You can definitely work on teaching him to jog better on his back. You shouldn't need to go back to the ground.
To start, not all horses are built so that they can jog well.
It sounds like your horse is lacking balance and collection, which can be helped. He also may be locked up in his shoulders. It takes some time to build up the correct muscles and teach him to carry himself. It takes some patience, so don't expect an overnight fix. He also needs to get a bit more broke, which will come with working with him.
There's a couple of things to think about here.
How are you sitting on your horse? If you are tipping forward, you will be putting your weight onto his forehand, encouraging a fast, unbalanced trot. Ask a friend to video you walking and jogging your horse, and really look at your position.
I don't know what type of bit you are in, but ride two handed for these exercises.
Sit deep in your saddle as you'll use your seat to regulate his jog. Think about putting your shoulders slightly behind your hips. Keep your chin up and spine in line (through your neck on down). Craning your head forward is going to tip your weight forward.
Pull your leg back so that it's under you. A chair seat is going to get you out of position and not allow you to support your horse with your calf. Relax your thigh and allow the back of your thigh to be in contact with your horse. Keep your leg on him all the way down.
If you have experience using a martingale, it could help. If not, don't worry about it.
Starting at the walk, keep your weight back and legs on your horse -- not squeezing, but in contact with his sides. Keep light contact on the bit.
Start a circle. Sit deeper in your saddle, and lift your hands a bit to "block" him from rushing forward, and go ahead and squeeze in and back with your calf and foot. If he wants to speed up, add an "easy, walk." When you feel him round his back, drop his head, and slow his gait, quietly release the pressure and tell him he's a good boy. If he is resisting while you hold pressure, add a few tugs with your hands. Once he gives, pet him and tell him he's a good boy.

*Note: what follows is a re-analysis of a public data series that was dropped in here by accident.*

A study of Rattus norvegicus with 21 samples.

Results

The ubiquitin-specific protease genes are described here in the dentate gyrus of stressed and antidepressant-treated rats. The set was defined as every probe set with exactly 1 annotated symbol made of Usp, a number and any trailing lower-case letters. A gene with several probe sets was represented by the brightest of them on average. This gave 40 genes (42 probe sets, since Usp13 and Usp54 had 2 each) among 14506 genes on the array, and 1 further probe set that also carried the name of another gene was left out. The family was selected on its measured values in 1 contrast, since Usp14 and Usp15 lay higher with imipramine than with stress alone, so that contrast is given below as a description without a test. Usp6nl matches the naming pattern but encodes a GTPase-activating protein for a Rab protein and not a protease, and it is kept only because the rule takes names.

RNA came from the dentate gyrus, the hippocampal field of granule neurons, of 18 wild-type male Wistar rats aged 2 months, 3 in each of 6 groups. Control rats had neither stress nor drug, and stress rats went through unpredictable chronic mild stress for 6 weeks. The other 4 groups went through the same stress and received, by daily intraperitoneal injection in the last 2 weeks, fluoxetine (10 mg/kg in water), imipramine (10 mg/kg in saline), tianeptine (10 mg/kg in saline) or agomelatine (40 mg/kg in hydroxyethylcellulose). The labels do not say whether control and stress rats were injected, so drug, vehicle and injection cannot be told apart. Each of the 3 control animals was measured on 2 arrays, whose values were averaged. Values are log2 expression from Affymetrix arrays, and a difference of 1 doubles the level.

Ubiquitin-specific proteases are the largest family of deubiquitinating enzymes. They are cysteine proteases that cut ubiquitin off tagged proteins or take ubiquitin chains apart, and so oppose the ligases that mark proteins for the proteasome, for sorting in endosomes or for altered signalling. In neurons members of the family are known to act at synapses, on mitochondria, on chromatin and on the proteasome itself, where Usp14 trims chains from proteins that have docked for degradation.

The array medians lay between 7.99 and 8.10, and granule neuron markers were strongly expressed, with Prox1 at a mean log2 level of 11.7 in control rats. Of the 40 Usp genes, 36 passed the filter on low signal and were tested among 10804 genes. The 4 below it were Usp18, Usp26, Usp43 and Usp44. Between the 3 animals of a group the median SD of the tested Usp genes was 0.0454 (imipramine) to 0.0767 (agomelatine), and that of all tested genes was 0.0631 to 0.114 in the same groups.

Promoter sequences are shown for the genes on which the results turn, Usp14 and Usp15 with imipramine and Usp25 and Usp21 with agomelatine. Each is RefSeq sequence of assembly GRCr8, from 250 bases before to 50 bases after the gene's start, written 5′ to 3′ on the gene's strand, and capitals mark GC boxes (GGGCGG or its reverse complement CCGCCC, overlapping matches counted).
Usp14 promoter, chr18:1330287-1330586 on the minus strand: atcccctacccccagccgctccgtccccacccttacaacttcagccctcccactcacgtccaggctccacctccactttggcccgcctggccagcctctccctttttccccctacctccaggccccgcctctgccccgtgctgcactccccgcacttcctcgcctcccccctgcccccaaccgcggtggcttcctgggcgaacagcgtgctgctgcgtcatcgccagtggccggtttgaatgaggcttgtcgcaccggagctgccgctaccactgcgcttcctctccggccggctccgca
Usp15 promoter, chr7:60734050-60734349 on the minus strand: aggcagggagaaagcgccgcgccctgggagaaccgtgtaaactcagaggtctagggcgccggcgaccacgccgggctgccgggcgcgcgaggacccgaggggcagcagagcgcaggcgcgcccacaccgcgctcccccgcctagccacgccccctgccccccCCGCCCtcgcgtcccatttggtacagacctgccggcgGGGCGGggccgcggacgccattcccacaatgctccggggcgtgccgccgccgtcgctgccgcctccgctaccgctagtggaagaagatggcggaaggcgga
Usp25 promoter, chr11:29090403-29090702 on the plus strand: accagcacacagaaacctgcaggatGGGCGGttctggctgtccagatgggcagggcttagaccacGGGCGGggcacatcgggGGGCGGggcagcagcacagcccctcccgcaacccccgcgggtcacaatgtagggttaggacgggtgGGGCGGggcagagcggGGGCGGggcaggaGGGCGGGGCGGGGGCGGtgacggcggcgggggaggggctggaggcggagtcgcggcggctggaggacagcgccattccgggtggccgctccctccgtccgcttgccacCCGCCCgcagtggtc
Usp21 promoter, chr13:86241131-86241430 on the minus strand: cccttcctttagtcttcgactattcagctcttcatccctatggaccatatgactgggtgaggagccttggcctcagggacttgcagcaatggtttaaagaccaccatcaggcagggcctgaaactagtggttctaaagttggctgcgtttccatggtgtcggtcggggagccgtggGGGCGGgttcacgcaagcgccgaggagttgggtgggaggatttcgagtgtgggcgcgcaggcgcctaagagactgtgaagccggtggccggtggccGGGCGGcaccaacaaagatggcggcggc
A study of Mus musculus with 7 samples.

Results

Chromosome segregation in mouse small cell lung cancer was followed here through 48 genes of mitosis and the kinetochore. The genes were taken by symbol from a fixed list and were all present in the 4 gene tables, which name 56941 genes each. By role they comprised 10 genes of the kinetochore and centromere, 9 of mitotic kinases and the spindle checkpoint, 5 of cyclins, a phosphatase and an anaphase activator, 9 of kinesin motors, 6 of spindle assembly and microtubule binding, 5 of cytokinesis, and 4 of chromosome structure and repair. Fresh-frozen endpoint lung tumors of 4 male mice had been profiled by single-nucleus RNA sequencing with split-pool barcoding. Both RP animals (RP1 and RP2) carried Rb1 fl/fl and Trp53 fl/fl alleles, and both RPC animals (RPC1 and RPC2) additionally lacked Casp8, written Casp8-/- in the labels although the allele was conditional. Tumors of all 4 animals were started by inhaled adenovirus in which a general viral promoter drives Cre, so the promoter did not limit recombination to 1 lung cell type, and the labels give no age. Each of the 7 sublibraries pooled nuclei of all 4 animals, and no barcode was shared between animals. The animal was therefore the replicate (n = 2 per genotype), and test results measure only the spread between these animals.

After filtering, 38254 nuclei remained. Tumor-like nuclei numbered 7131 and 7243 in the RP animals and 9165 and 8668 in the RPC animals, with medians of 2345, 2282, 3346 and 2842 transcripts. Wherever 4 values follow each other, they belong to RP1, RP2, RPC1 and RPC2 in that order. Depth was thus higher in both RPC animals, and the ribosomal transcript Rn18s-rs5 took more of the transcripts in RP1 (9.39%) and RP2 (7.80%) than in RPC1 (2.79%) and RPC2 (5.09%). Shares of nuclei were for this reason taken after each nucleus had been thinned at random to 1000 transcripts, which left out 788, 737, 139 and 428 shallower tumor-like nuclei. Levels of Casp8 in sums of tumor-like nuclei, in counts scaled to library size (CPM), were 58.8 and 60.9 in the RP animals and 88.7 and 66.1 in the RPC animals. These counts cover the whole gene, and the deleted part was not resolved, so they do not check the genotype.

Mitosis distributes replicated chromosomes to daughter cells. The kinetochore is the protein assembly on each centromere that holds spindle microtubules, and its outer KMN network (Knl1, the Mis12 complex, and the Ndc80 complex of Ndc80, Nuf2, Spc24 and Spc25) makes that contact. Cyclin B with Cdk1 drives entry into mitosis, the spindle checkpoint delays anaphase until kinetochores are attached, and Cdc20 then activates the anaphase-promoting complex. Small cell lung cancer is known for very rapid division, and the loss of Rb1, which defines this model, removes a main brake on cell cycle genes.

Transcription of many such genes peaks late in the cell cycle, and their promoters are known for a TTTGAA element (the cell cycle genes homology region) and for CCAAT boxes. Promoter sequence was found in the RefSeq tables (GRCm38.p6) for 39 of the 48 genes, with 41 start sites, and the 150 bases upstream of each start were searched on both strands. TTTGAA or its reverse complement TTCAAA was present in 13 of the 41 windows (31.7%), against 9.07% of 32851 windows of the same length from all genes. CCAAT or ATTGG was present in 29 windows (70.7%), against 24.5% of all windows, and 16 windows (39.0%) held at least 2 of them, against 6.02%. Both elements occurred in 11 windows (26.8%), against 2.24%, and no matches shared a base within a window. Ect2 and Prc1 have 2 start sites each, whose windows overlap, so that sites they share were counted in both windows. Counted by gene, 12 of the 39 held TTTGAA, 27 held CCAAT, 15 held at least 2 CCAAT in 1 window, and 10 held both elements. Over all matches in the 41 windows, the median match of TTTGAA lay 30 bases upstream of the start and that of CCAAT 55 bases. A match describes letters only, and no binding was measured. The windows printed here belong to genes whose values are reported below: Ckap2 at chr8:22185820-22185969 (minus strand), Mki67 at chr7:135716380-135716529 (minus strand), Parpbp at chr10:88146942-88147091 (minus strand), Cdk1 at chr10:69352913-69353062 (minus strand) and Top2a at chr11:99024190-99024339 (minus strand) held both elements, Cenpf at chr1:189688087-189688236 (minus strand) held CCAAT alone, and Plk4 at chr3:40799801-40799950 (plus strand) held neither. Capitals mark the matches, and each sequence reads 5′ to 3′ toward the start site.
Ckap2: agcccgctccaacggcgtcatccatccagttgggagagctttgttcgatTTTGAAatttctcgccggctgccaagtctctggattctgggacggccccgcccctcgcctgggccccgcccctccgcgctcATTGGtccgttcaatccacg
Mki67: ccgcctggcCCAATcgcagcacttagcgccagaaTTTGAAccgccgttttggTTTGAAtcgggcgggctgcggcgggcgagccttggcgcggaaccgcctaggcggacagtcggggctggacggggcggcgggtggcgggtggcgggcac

Another thing you can do at the walk and jog is to take his head to the inside of the circle while keeping his body straight, holding, and releasing. Any time you touch his face, you should support with your legs to keep him from trying to go hollow. Allow him to go straight, then take his head to the outside and do the same. This will keep his focus on you and should encourage him to loosen up his shoulders as he'll be reaching "through" a little more with the opposite leg when you bend him.
Riding boxes and square corners help a lot to get a horse back off the forehand. Remember to have a plan before you get to the point where you want to turn. Throw down a bunch of cones in a box. As you approach the cone to make the turn, you'll need to make sure that you are sitting back and down, keeping your chin up.
You're going to need to push his front end around the corner while keeping him fairly straight through the body. To push him around the corner, you are going to need to use your entire outside leg, your hips, and your hand. Your inside leg is going to need to support his shoulder to keep him from falling onto the forehand coming around the corner.
As you come to the corner, make sure he is in the bridle and elevated in his shoulders. Look over your shoulder to the place you want to go. Keep your shoulders square and hands square.
To make the corner, you'll need to lift your inside hand and support with the inside leg. The outside hand should move slightly across the neck, to begin the turn. Your outside leg is going to push him around the corner.
He should cross over or nearly cross over in the front. As he gets more broke, you can do this one handed.
All of these can be done at the walk, jog, and lope. Remember that every time you go to his face, you need to support and go in with your leg. Eventually, it should take less and less hand to get the desired reaction.